MANILA // The Philippines yesterday lifted a five-year ban on its nationals working in Jordan that was imposed amid concerns over poor labour conditions.
The ban was lifted after the Philippine and Jordanian governments forged two agreements this year aimed at protecting the workers, including a minimum monthly salary of 280 dinars (Dh1,450), the overseas workers administration said.
The ban on Jordan was imposed in 2007 because of "the growing number of distressed Filipino workers" who were seeking help from Philippine diplomatic offices there, the administration said.
"There were a whole variety of issues. Some of them [were] abused. Some were beaten. The point was, because some of these workers had run away, the deployment was stopped," the administration vice chairman Hans Cacdac said.
Yesterday's announcement came after the Philippines said last month it had won a long battle with Saudi Arabia and secured a minimum monthly wage of 1,500 riyals (Dh1,450) for Filipino workers there.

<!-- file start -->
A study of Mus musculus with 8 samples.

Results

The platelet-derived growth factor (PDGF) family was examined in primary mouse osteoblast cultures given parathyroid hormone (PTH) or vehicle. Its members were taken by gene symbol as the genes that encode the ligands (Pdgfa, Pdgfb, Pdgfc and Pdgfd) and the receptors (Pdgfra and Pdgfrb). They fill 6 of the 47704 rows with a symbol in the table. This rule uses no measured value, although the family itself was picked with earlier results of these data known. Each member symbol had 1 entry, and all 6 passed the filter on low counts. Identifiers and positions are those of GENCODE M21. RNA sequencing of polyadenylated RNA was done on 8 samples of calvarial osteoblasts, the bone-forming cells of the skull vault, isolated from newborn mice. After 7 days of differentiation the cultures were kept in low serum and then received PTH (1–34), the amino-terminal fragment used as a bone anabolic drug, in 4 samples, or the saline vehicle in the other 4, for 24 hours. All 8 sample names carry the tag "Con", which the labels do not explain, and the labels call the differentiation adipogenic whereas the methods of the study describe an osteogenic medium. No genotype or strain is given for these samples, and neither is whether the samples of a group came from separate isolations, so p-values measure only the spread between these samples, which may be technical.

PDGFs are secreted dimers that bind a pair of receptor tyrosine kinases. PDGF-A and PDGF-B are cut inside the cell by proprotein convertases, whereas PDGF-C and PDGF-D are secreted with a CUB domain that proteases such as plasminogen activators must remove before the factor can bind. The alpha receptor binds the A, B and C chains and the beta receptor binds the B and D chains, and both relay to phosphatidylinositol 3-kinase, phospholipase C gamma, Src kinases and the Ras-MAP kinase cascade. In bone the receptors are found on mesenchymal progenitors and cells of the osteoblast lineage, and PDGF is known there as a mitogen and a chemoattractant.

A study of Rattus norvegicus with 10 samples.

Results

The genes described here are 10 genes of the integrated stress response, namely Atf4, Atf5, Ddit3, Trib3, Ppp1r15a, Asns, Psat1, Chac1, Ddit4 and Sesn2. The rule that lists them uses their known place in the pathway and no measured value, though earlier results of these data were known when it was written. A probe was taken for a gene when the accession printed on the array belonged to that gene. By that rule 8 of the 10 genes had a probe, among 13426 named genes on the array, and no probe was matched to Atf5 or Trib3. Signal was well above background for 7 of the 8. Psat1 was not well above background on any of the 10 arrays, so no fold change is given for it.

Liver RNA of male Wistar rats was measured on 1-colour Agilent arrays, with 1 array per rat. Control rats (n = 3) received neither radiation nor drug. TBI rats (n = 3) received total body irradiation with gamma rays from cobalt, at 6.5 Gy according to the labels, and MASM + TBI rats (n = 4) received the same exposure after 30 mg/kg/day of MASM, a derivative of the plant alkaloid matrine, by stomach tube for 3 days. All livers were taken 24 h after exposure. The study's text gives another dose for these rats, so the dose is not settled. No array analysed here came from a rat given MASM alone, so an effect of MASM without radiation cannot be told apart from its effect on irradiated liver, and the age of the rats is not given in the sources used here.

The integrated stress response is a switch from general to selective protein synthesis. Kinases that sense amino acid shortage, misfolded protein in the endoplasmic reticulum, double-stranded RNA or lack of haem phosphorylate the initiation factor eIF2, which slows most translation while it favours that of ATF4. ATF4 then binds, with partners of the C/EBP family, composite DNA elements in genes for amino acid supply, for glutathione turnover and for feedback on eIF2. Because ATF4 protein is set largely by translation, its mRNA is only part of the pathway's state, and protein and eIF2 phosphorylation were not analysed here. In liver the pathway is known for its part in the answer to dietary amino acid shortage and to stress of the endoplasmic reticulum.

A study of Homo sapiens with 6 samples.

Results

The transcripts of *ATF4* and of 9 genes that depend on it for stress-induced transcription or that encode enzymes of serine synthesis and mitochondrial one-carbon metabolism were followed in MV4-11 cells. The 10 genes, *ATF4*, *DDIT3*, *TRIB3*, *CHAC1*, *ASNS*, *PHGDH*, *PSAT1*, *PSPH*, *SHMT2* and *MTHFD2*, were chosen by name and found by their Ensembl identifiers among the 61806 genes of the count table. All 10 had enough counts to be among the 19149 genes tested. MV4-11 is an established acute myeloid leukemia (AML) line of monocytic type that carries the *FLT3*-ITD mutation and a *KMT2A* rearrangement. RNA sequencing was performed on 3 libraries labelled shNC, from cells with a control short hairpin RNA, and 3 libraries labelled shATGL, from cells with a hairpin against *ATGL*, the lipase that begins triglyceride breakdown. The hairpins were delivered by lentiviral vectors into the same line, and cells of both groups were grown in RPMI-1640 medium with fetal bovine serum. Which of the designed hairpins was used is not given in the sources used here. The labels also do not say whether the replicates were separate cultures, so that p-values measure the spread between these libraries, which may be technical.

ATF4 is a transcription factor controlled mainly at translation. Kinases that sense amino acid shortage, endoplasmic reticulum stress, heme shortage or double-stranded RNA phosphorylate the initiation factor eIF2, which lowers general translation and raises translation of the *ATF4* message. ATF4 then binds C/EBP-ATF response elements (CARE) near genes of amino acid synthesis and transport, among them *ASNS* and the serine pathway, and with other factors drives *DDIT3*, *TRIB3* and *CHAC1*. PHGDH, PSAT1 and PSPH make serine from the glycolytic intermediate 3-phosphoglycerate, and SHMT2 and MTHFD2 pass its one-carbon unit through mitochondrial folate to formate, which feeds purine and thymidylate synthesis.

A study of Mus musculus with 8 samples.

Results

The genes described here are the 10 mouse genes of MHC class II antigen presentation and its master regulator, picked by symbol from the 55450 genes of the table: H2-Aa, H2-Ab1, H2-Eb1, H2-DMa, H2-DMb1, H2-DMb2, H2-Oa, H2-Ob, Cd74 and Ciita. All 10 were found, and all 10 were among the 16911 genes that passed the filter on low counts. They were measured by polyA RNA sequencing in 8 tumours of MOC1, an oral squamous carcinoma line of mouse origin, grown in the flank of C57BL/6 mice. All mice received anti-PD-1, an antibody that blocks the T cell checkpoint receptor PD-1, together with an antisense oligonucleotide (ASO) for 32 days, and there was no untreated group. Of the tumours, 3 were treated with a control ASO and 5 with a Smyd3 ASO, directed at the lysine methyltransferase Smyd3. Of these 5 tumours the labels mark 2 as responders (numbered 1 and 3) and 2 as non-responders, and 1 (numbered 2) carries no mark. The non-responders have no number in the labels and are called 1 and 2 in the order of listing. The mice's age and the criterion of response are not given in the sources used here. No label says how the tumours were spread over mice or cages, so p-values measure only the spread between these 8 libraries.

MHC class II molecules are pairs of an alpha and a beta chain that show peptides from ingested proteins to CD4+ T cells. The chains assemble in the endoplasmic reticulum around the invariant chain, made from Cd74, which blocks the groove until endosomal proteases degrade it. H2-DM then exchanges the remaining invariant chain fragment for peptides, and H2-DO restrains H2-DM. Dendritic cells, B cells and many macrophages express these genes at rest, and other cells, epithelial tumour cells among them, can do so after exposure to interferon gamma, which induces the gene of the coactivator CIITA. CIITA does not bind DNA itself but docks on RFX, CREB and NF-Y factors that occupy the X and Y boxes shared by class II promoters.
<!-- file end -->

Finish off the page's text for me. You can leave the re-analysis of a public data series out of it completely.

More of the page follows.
About 10 per cent of the Philippine population of almost 100 million have gone abroad to work in better-paying jobs than they can get in their homeland.
Many of the Filipinos in Middle East countries work as maids, labourers, janitors and other low-paying professions.
The government also announced yesterday it had partially lifted a ban on working in Lebanon that was imposed after fighting erupted between Israel and Hizbollah in 2006.
The ban on Lebanon was only removed for Filipinos already working there illegally, but talks are going on to have it completely lifted, Cacdac said.
There are more than 24,000 Filipinos working illegally in Lebanon, according to government estimates.